The first step was to disassemble the piece of countertop. It had support boards, a wooden edge, a backsplash and all kinds of pieces connected to it - as you can see. It was nothing a hammer and flat bar couldn't handle.
Old Countertop End Table
The stories a table could tell...
My in-laws recently redid their kitchen, and my mother-in-law had a sentimental attachment to the old Formica countertops she’d prepared meals on for years. She still loved the blue, but they modernized the whole kitchen. They brought over a chunk of the countertop and asked if I could make something with it. A bit of creative designing from my wife and I was able to give the countertop a new life with the help of a little scrap oak I had in the shop. (I list the cost at $0 because all I purchased was a can of spray paint. The wood was all extra from past projects)
I then used the table saw to cut the countertop into roughly 2" strips. We settled on 2" simply because of the size of the original countertop piece. We wanted to make the most of what we had without a lot of waste.
I then cut 2" strips of oak out of 1x6" oak scrap wood I had left from previous projects. I gave the strips a fine sand and finished them with Danish Oil.
Glue down pattern
The next step was to glue the strips down on a piece of 3/4" plywood in a herringbone pattern. The plywood base was roughly 12" x 16".
Instead of trying to clamp down each board, I made sure they were pushed together tightly (no gaps) and I set a piece of scrap wood and 5-gallon bucket on top to apply pressure.
When the glue dried, I used a nail gun to put several nails into the underside of the tabletop. I did this to help make sure the boards didn't come loose in the years to come. Then, I used a circular saw to trim off the overhanging strips and give the tabletop its final rectangle shape.
To made the table base, I used one 2x4. I ripped the board to eliminate the rounded edges and then ripped it in half. I cut four legs (20 1/2" long) and four shorter pieces to match the 12" x 16" tabletop size.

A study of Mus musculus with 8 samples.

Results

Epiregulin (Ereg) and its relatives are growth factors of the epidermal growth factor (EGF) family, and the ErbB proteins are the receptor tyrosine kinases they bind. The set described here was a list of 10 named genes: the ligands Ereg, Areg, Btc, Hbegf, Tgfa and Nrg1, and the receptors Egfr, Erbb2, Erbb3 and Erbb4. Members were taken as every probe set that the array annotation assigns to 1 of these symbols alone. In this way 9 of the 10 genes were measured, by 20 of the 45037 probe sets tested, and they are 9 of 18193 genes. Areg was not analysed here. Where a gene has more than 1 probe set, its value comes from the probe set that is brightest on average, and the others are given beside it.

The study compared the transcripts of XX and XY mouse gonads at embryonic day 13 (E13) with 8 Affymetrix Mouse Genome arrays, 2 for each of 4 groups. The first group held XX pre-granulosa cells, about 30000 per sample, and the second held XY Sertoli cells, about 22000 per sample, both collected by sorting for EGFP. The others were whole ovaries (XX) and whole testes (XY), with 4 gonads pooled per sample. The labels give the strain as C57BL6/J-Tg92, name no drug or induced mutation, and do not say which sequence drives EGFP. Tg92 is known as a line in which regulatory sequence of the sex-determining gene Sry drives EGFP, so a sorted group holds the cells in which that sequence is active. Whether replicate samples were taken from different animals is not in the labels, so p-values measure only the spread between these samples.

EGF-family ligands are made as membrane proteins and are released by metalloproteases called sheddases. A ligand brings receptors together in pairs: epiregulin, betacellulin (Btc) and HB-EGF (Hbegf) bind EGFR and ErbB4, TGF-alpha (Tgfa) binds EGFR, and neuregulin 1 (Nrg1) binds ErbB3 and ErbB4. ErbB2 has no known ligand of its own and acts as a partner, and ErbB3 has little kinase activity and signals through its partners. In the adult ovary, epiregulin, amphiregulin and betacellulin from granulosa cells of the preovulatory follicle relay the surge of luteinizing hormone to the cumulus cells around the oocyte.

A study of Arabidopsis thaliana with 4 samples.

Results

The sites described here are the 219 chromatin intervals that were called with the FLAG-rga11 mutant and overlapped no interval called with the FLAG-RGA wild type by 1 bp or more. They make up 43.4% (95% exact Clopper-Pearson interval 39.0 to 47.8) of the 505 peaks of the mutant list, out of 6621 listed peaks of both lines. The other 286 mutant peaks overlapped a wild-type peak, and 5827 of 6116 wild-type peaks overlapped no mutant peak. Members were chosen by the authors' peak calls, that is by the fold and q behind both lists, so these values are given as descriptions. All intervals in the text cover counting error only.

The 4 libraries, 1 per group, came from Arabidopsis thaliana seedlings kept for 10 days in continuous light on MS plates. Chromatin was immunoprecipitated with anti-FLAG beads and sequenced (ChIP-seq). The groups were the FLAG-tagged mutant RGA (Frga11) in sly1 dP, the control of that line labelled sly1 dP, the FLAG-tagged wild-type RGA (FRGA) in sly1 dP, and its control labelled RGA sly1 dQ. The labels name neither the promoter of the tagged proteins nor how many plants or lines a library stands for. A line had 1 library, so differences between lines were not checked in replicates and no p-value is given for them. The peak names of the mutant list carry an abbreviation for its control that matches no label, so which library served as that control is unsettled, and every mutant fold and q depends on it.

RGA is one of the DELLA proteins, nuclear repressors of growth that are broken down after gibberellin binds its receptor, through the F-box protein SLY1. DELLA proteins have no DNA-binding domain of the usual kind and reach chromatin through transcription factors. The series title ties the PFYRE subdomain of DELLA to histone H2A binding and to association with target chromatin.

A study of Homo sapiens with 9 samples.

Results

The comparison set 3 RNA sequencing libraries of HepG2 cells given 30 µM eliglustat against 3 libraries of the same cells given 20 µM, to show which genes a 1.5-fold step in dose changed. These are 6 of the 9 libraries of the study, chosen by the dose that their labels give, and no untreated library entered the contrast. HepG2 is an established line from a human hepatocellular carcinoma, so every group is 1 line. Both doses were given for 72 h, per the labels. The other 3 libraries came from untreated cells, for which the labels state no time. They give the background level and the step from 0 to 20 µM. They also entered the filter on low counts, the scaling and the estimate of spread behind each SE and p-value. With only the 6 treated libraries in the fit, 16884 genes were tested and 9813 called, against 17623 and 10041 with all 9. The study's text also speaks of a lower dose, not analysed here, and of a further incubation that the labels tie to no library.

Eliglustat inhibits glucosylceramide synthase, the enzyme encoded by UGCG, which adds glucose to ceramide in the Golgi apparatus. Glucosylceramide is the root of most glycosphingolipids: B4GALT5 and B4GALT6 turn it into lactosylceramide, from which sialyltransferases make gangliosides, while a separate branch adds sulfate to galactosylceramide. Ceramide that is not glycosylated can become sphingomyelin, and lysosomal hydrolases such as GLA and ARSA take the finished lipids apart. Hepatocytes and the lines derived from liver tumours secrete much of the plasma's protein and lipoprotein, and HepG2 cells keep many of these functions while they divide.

As you can see, I was initially going to use pocket holes to assemble the base. However, it was a pretty tight space to work in - and since I was going to be painting and not staining the base anyway, I bailed on that plan and simply countersunk screws into the sides and filled the holes with wood putty. After sanding the table base, I spray painted it a blue color that was as close as we could find to the countertop color.
Add trim to tabletop
While the paint on the table legs was drying, I added oak trim to the outside of the tabletop. I had some 1/2" by 4" pieces of finished oak that worked perfectly. 4" was wide enough to cover the tabletop sides and still overhang enough to also cover the top of the table base frame once assembled (see below). I mitered the edges and glued on the trim.
To attach the table base to the tabletop, I drove screws through the bottom of the table base right into the tabletop.
I was pretty pleased with the finished product. Little did I know the table would match my in-laws' chair so well! The old countertop has a new life.
Follow me on Instagram at @woodyworking for more woodworking DIY or home improvement projects. Happy building!